The team is searching for Ford on a planet. Teyla and Sheppard are taken hostage by a stranger, while Ford tries to convince McKay that he's normal.



Lt. Aiden Ford (as Rainbow Sun Francks)
James Lafazanos ...


Botanist Dr. Parrish finds a dead Wraith on a planet with a dangerous amount of UV radiation. Beckett does an autopsy and notices the enzyme sac has been removed, making it likely that Ford killed him. Sheppard and Teyla and McKay and major Lorne start a search party. Both groups report they are following someone, shortly after Sheppard and Teyla are stunned. They awake in a cavern with a stranger. Meanwhile Ford stuns Lorne. He's trying to convince McKay he's perfectly normal and that his Wraith enzyme overdose was the best that ever happened to him. He thinks it's the way to defeat them. Written by Arnoud Tiele (


29 July 2005 (USA)  »


(Dolby 5.1)| (5.1 surround)


Aspect Ratio:

16:9 HD


First appearance of Jason Momoa as Ronon Dex. See more »


Major Lorne: I was hoping Lieutenant Ford might recognize a friendly face and just turn himself in.
Dr. Rodney McKay: What, you mean me?
Major Lorne: Well you were friends, weren't you?
Dr. Rodney McKay: Oh yeah, when we weren't out on harrowing missions we used to hang out together. I'd share my dreams of a self-sustaining fusion and he would talk of how you could sever a man's torso with a P90.


Main Title
Composed by Joel Goldsmith

One lost and one found
27 July 2011 | by (France) – See all my reviews

I am of two minds concerning this episode. It sacrifices a character who was finally fleshing out a bit and showing potential, but we really don't really lose out in the process, so is that really a waste? For once I'll start with my main complaint about this episode: the action is a bit limited (running and shooting, mostly) and parts of the dialogue really feel like padding (how much time do we spend watching Rodney obsess about radiation exposure?). So the pace could have been much better. The main reason for that is that the episode is busy easing Ford out and easing Ronon in. And it does that just right.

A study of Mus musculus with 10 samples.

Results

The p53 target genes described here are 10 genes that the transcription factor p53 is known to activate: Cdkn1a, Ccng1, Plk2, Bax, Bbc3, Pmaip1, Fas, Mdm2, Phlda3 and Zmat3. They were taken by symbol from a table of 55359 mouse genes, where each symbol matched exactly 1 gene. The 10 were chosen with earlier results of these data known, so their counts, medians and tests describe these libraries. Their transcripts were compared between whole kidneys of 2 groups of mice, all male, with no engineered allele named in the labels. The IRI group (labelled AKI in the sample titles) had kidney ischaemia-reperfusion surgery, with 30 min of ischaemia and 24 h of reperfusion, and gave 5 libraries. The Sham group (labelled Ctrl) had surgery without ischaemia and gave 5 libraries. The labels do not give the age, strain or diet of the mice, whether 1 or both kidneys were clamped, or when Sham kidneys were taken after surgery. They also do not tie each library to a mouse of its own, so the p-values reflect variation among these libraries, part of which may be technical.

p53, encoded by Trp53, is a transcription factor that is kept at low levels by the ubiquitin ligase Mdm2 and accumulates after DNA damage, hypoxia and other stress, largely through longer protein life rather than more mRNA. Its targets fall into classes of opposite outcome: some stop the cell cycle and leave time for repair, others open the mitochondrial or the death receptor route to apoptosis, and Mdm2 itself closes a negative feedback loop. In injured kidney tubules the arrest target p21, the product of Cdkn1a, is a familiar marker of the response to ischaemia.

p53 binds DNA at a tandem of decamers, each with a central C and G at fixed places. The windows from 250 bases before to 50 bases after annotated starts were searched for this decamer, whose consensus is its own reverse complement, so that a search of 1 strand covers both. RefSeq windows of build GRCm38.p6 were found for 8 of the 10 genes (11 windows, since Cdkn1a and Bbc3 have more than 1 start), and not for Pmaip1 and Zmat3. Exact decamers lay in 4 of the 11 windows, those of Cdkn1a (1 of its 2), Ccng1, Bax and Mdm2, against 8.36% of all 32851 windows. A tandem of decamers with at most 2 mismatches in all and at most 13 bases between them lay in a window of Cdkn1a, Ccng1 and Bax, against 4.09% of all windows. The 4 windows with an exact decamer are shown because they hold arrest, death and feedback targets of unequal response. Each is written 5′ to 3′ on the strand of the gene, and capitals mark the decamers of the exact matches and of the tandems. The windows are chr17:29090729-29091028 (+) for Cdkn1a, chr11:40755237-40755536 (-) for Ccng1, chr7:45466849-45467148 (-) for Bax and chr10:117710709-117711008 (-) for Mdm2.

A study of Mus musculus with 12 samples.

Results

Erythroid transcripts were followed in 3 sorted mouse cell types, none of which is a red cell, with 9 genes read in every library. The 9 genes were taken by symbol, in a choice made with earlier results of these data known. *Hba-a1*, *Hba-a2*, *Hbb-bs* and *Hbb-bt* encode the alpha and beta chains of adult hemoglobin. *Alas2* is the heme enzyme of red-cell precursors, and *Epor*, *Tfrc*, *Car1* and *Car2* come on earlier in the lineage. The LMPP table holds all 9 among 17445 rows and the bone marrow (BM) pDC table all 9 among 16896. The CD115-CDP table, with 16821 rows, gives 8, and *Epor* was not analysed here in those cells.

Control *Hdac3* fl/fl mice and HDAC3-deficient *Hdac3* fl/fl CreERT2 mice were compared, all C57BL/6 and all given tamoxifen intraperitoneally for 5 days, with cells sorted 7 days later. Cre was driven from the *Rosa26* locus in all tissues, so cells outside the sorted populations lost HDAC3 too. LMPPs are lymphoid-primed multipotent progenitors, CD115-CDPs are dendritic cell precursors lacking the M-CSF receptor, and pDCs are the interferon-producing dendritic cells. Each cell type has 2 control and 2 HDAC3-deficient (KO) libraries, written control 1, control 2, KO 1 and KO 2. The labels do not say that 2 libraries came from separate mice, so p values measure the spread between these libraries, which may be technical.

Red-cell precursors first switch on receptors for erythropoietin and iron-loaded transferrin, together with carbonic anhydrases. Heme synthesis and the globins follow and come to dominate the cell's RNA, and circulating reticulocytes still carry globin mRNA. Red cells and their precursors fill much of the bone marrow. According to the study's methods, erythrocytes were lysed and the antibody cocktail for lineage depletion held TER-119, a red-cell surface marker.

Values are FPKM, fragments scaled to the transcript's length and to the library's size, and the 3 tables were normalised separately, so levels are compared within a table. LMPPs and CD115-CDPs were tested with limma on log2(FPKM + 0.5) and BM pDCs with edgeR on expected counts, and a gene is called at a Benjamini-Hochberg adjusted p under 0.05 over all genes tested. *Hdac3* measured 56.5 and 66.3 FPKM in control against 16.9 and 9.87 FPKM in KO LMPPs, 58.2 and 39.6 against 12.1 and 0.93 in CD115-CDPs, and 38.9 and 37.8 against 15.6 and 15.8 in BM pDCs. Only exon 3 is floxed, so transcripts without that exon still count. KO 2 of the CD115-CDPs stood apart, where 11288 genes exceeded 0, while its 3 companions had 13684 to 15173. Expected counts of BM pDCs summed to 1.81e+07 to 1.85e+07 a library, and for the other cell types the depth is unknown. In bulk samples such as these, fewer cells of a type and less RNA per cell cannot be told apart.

The episode begins with a puzzling situation, as everybody tries to track down Ford, only to discover that they're actually chasing after *two* different men --one of whom is the prey of a group of Wraiths. I must say the whole idea of Runners is brilliant. Cruel as the whole concept is, it is completely in keeping with the fact that the Wraiths actually consider humans as game (fox-hunting, anyone?). It also shows Ronon as the perfect opposite of Ford, who's hunting Wraiths himself. And when we finally meet him again, Ford's behaviour is deliciously erratic, one instant overly cheerful and confident, dangerously paranoid the next. Yet he always acts like himself, so to the end we can understand Sheppard's determination to save him. (By the way, Ford' half-human/half-bug make up is brilliant and really embodies the inner conflict) Even though Ford now leaves the show, Sheppard's inability to save his own second in command will haunt him throughout the series.

So, meet Ronon Dex, aka Chewie (aka Caveman, aka Conon -which is just soooo ironical if you live in 2011.) It takes about 10s to feel that this guy's a keeper. Instead of him being pitchforked into the series and then being fleshed out, we meet him as a fully-fledged character, with his own unique appearance and equipment, and a tragic past that reflects in everything he does. He says very little (and in a deep rough voice that is just perfect for a guy who supposedly spent seven years without a single human contact) but he's probably the most intense character on the show, hiding a really warm (and CUTE) smile behind gruff, battle-scarred exterior. Congratulations to Jason Momoa for getting the part down so perfectly.

So even though the title seems to promise action, this episode is actually focused on allowing the transition from one character to the next, and I must say it does so really well. I began watching Runner hoping for some follow-up on Ford's situation, and I finished it crossing my fingers so Ronon would become a regular. The fact still remains that getting rid of Ford in the process was unfair to the character, and also to Rainbow Sun Francks who didn't get to show what he could really do.

4 of 6 people found this review helpful.  Was this review helpful to you?